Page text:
Save the Date! | Frances Chai

It is clear that this election season has been (and will continue to be) unlike any other in the past. Current president and the 2020 Republican candidate Donald Trump contracted the COVID-19 virus just recently (and put the lives of his Secret Service agents at risk by locking them in a hermetically sealed vehicle with him while he paraded around and waved to his supporters outside of Walter Reed Hospital), Ruth Bader Ginsburg’s unfortunate passing left a Supreme Court seat open merely weeks before the election, and the current administration has proven that they have little regard for both the environment and basic human rights (a trend that has a possibility of continuing should Trump be re-elected for the next four years). Needless to say, it has never been more important to vote.

November 3rd is Election Day, but that’s not the only date to keep in mind in the coming weeks. The deadline to register to vote is October 19th, a full 15 days before November 3rd. When voting by mail, most encourage sending in the ballot by October 20th in order to ensure that it is received on time. Earlier this year in California, a new law was passed stating that election officials must accept mail-in ballots that arrive up to 17 days after Election Day (November 20th) as long as they are postmarked by November 3rd. However, like most things of great importance, it is better to be safe than sorry. Make sure that the envelope is marked correctly or else you run the risk of not having your ballot counted. Once you mail in your ballot, you can even track it with a website called Where’s My Ballot? This resource uses automatic email, text messaging, or voice call notifications to keep you in the loop about when your ballot is mailed, received, and counted. If you are heading to the in-person polls (either to vote in person or to turn in your mail-in ballot) on Election Day make sure to show up between 7:00 AM and 8:00 PM, wear a mask, and follow COVID-19 social distancing rules.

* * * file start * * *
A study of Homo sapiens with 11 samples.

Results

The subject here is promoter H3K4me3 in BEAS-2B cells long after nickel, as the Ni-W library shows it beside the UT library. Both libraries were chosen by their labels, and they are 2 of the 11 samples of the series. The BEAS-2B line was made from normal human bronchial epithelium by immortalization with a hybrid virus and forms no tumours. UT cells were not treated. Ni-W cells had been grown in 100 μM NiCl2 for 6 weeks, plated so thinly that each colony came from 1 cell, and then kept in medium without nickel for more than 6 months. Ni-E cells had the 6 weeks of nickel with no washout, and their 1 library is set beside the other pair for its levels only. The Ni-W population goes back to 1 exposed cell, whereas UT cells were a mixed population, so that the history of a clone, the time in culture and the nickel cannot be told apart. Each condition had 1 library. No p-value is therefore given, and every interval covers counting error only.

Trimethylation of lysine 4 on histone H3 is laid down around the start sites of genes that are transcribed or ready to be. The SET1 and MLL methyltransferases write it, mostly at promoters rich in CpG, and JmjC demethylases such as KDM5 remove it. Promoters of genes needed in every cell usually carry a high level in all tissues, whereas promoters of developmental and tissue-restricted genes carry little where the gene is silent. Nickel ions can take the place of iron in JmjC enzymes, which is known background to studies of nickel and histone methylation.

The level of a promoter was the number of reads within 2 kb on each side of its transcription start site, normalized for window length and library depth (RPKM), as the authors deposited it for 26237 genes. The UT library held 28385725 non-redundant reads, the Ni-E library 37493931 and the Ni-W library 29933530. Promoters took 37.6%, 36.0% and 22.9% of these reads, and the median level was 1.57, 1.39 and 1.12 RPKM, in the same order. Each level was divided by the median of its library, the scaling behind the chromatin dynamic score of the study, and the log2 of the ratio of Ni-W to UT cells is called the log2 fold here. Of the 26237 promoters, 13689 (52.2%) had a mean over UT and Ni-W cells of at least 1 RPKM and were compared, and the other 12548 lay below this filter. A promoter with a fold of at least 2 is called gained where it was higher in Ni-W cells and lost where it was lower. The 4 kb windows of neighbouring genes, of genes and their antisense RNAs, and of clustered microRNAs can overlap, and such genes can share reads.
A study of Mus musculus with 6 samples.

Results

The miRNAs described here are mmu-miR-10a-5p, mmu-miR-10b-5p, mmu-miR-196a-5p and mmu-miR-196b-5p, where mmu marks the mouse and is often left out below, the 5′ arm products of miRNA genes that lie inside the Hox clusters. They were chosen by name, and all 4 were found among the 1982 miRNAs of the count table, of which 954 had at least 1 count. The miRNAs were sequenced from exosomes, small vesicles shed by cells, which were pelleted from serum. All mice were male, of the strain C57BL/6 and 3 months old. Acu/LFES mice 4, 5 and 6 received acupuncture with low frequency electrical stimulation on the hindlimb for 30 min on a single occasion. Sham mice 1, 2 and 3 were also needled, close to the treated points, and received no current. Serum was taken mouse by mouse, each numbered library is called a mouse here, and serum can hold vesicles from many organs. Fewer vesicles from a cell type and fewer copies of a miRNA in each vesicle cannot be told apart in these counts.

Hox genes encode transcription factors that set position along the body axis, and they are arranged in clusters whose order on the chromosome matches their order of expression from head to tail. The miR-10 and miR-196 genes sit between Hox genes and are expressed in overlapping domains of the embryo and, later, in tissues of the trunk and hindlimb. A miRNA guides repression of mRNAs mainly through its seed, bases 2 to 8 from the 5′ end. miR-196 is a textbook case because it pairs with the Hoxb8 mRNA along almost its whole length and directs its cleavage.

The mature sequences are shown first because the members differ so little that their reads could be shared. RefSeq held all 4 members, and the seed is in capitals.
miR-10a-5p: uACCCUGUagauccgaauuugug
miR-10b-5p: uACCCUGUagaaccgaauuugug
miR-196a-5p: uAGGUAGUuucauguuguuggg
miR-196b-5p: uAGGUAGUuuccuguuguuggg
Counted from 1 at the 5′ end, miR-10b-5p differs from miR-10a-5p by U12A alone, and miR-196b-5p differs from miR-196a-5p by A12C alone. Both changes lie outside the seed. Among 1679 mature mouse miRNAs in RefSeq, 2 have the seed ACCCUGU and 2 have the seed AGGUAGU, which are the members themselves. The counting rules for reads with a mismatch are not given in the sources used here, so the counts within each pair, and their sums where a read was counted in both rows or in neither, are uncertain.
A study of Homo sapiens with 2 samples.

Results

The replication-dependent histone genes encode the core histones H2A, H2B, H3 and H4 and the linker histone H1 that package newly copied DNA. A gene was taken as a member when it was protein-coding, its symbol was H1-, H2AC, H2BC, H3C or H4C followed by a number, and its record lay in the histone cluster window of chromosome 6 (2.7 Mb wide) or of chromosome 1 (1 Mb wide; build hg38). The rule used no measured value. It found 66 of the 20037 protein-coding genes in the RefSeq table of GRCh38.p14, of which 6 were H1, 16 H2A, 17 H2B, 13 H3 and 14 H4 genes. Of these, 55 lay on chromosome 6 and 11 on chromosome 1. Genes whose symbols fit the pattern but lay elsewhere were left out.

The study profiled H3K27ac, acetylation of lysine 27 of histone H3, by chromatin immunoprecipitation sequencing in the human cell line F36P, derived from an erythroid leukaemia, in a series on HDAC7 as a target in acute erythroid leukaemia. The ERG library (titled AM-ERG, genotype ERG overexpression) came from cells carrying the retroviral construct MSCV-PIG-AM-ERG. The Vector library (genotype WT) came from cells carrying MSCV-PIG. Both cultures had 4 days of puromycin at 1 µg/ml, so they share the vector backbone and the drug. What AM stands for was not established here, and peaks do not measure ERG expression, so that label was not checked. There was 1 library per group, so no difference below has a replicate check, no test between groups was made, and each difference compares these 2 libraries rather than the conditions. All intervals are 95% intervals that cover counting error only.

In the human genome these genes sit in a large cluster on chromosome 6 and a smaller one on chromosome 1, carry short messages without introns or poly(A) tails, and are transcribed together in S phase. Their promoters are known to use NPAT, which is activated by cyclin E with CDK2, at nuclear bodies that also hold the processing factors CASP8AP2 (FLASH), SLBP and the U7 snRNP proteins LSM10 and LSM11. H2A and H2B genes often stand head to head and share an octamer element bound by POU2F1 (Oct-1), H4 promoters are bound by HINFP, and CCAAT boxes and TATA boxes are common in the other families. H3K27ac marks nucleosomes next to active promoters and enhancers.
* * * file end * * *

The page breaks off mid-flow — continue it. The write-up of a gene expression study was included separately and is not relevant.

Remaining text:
What if you are not old enough to vote? Don’t worry, there are still plenty of ways to take action. If you are just shy of voting age at 16 or 17 years old, pre-register to vote and encourage your peers to do the same! Stay updated on current events and spread useful information. Explain the importance of voting to those who might be hesitant. Educate yourself on the candidates and their stances on certain topics so you are better equipped to have productive conversations with the people around you. Tune in to all broadcasted events leading up to the election such as the debates. They could be a great source of information or a great source of memes and entertainment. The only way to find out is to watch!

In 2016, almost half of the United States’ eligible voting population neglected to cast a ballot. That’s tens of millions of people who could have voted but chose not to. The most popular reasons for not voting were lack of interest and the attitude that their vote would not make a difference, a conflicting work or school schedule, or a dislike of candidates and campaign issues. If you are of legal voting age, do not let yourself be a part of the statistic that does not cast a ballot. This year, we are all voting for our lives and the lives of others. We are voting for the only planet we have to live on and for the basic human rights of minority and marginalized communities. If those aren’t good enough incentives to get you to vote, I honestly don’t know what to tell you. Voting is a civic responsibility, and for the sake of this country and everyone who lives in it, we all have to do better.